Bring Your Own Device (BYOD) has been a hotly debated topic in companies of every size over the last few years.

BYOD is a policy that allows employees to bring personally owned mobile devices— laptops, tablets, and smart phones—to the workplace to access privileged company information and applications. BYOD promotes productivity and can contribute to employee retention, but the options available to manage personal devices can be confusing for employees. IT must manage many different issues including software and hardware for mobile device management, device and identity partitioning, wireless access points, network access control, and custom mobile applications.

There can be a lot of fear and trepidation about the topic because there are very real security issues around BYOD. There is a sense that somehow it means automatically losing control of data and security. This is not the case at all. If the risks are properly analyzed and fully understood they can be managed appropriately. Here are some of the basic issues to think about when it comes to BYOD.


What’s considered “safe enough” when it comes to encryption? Consumer owned products are not going to come with encrypted hard drives. It’s important to look at the needs of your company and decide what level of encryption is necessary and how you will roll out those requirements on employee’s personal devices.

Data Tagging

In a world with so many devices, it’s really less about the device and more about controlling and tracking data. This is a fundamental change in attitude for most organizations. Who can see your data and share it has become more important than which device they are on.


It does not necessarily cost less to manage corporate IT and security if employees use their own device. While money may be saved on hardware, IT departments end up having to support many more types of devices and devote more resources to security across them.

Compromised Devices

How will you identify a device that has been compromised (think malware) that is trying to access your network? What kind of authentication protocols will be put in place to verify a device is trustworthy?

Lost Devices

Do you have a system in place to wipe an employee’s personal device if it’s been stolen or permanently lost? Additionally can you lock the device out of your network? Putting a protocol in place that everyone understands upfront is important so there are no surprises.

Of course, you’re not just dealing with devices—you’re working with the people using those devices. Managing BYOD successfully also means communicating with employees effectively. When it comes to implementation I’ve found these five basic principles to be very helpful.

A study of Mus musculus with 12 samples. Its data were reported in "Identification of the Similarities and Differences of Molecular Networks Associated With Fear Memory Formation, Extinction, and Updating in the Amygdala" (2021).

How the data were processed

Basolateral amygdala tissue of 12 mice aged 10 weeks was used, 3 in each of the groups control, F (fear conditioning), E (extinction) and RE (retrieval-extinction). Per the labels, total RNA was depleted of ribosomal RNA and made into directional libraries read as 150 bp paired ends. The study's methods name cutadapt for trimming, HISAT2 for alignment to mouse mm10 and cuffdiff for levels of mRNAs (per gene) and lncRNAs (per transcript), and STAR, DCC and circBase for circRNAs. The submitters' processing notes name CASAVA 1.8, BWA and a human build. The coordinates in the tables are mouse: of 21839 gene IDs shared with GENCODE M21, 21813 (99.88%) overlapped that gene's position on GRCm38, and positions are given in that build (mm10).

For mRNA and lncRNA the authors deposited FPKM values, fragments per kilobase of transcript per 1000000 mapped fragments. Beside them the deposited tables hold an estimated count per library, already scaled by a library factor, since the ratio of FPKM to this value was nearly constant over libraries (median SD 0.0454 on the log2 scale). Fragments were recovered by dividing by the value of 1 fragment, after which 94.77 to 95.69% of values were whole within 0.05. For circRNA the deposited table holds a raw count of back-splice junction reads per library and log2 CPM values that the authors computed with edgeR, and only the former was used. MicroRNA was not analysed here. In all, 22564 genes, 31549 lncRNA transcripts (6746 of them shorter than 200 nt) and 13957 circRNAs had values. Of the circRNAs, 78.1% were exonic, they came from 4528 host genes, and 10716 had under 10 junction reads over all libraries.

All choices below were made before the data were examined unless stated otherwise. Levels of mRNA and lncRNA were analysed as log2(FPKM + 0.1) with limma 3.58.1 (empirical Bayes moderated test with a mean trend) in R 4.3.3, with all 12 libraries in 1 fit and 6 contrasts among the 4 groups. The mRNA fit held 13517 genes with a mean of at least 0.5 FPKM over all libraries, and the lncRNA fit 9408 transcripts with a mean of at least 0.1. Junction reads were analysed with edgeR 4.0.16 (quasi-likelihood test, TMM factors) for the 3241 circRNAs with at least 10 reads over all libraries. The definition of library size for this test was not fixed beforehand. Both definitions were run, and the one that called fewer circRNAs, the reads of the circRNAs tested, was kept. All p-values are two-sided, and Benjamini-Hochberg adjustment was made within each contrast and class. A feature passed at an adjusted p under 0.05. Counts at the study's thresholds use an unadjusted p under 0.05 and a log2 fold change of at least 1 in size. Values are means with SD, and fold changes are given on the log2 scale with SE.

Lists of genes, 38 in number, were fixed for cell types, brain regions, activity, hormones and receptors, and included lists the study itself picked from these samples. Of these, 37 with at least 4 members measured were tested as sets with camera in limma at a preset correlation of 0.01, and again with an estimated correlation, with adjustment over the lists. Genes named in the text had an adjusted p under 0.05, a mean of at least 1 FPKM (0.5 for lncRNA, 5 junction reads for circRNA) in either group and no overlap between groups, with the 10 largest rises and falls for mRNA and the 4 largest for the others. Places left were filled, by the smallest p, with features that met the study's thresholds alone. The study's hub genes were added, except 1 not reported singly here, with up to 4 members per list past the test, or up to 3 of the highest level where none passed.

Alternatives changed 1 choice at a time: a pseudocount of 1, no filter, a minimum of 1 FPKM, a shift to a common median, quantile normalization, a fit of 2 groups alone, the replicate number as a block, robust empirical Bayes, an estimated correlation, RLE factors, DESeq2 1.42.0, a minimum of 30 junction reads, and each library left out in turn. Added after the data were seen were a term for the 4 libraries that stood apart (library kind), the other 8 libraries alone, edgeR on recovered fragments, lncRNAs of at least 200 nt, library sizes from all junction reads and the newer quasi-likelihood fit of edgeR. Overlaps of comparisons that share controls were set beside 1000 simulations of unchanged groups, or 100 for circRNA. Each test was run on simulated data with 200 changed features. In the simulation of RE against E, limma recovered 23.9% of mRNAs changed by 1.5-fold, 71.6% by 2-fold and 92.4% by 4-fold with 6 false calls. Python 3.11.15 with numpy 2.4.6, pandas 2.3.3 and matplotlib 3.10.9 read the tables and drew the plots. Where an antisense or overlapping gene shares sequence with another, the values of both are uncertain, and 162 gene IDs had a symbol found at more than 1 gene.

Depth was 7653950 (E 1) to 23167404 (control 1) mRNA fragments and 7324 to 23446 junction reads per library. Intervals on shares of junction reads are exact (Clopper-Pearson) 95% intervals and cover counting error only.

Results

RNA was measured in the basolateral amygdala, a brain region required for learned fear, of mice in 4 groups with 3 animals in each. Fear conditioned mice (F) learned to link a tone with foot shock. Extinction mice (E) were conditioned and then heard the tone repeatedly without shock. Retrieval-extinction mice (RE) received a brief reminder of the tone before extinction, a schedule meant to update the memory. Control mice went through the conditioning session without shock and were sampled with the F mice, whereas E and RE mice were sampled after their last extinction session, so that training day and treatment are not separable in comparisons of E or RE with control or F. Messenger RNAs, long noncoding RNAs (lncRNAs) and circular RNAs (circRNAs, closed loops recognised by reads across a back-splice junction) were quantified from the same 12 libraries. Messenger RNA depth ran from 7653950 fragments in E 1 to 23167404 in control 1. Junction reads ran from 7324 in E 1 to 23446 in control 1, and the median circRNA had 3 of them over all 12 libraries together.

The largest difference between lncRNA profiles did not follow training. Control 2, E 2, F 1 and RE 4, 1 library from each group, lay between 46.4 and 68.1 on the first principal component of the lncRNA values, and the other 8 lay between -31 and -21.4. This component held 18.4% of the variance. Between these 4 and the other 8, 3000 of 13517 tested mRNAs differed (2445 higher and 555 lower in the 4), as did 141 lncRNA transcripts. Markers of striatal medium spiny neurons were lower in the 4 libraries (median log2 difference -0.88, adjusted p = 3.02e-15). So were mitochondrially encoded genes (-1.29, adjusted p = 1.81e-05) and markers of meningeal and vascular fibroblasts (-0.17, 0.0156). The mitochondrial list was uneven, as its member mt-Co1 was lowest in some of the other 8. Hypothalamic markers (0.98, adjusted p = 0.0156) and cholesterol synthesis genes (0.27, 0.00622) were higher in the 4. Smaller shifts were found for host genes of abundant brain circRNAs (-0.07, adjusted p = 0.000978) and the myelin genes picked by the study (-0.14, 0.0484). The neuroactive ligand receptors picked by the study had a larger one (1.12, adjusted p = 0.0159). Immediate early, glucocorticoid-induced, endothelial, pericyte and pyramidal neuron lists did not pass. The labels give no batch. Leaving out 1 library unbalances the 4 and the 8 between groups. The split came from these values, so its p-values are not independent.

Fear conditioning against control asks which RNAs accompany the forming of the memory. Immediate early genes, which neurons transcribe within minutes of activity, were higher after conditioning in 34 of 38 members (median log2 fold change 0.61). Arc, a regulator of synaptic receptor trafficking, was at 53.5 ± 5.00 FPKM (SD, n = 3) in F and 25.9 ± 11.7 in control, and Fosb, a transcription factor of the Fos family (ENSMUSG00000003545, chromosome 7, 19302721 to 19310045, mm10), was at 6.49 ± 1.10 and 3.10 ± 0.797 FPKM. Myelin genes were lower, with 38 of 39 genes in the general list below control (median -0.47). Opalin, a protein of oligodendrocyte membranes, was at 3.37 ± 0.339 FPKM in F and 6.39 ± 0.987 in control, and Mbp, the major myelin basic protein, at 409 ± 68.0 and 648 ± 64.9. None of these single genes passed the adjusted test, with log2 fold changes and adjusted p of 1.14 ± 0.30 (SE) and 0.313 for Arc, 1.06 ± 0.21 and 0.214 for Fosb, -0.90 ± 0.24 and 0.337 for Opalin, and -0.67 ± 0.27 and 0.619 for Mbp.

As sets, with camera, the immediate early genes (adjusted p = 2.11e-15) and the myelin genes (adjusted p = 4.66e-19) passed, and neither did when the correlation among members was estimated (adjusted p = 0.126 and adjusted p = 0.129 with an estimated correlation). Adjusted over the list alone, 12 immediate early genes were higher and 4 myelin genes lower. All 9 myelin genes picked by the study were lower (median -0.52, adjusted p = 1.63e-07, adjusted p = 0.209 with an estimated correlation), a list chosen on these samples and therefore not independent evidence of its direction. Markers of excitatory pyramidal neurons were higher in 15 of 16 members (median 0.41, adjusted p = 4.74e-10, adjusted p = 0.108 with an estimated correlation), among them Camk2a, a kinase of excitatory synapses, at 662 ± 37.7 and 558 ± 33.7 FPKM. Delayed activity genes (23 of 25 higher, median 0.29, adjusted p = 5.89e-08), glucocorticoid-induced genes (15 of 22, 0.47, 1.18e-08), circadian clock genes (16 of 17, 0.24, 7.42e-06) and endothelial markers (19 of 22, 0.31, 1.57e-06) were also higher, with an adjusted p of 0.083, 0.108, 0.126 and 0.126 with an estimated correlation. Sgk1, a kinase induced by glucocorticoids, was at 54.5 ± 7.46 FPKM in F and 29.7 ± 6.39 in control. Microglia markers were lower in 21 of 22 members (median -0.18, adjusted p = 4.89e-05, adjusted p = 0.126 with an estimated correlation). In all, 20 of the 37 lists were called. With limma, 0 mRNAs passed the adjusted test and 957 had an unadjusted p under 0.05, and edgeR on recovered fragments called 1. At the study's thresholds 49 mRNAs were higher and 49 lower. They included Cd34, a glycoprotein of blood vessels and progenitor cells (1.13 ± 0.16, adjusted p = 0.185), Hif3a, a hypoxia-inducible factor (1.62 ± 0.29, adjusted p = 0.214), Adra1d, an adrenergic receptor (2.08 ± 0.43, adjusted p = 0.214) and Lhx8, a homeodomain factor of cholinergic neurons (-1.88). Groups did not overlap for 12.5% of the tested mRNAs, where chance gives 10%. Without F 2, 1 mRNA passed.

1. Be Flexible

Every department has different needs. Don’t try to make one size fits all policy decisions. You can be stricter or more lenient depending on how risky the situation or the sensitivity of the data.

2. Education is Key

Information security is a lot about educating employees over and over again. It’s important to be clear about why security is important—it protects the company and their livelihood. Make sure employees clearly understand what’s expected of them when it comes to protecting company data.

3. Privacy and Transparency Are Important

It’s important to establish trust with employees. You want them to see corporate IT security as a resource they can use, not big brother who they have to avoid at all costs. Be clear about what is and isn’t monitored.

4. Be Trustworthy

Be clear about all your policies up front. Be consistent in how you behave when a phone is lost or a laptop is compromised with malware so your co-workers will know what to expect from you.

5. Keep Employees Apprised of Current Threats

Along with taking the appropriate precautions to protect company data, employees should also be taught to look for the signs of a compromised device. It’s important that they be proactive when it comes to understanding risks and current scams especially when traveling.

A comprehensive BYOD policy starts with a thorough understanding of the unique risks and vulnerabilities faced by personal, mobile devices used for work. Risk analysis is essential to putting proper safeguards and protocols in place. BYOD should make it easier for employees to be productive and create a flexible work environment.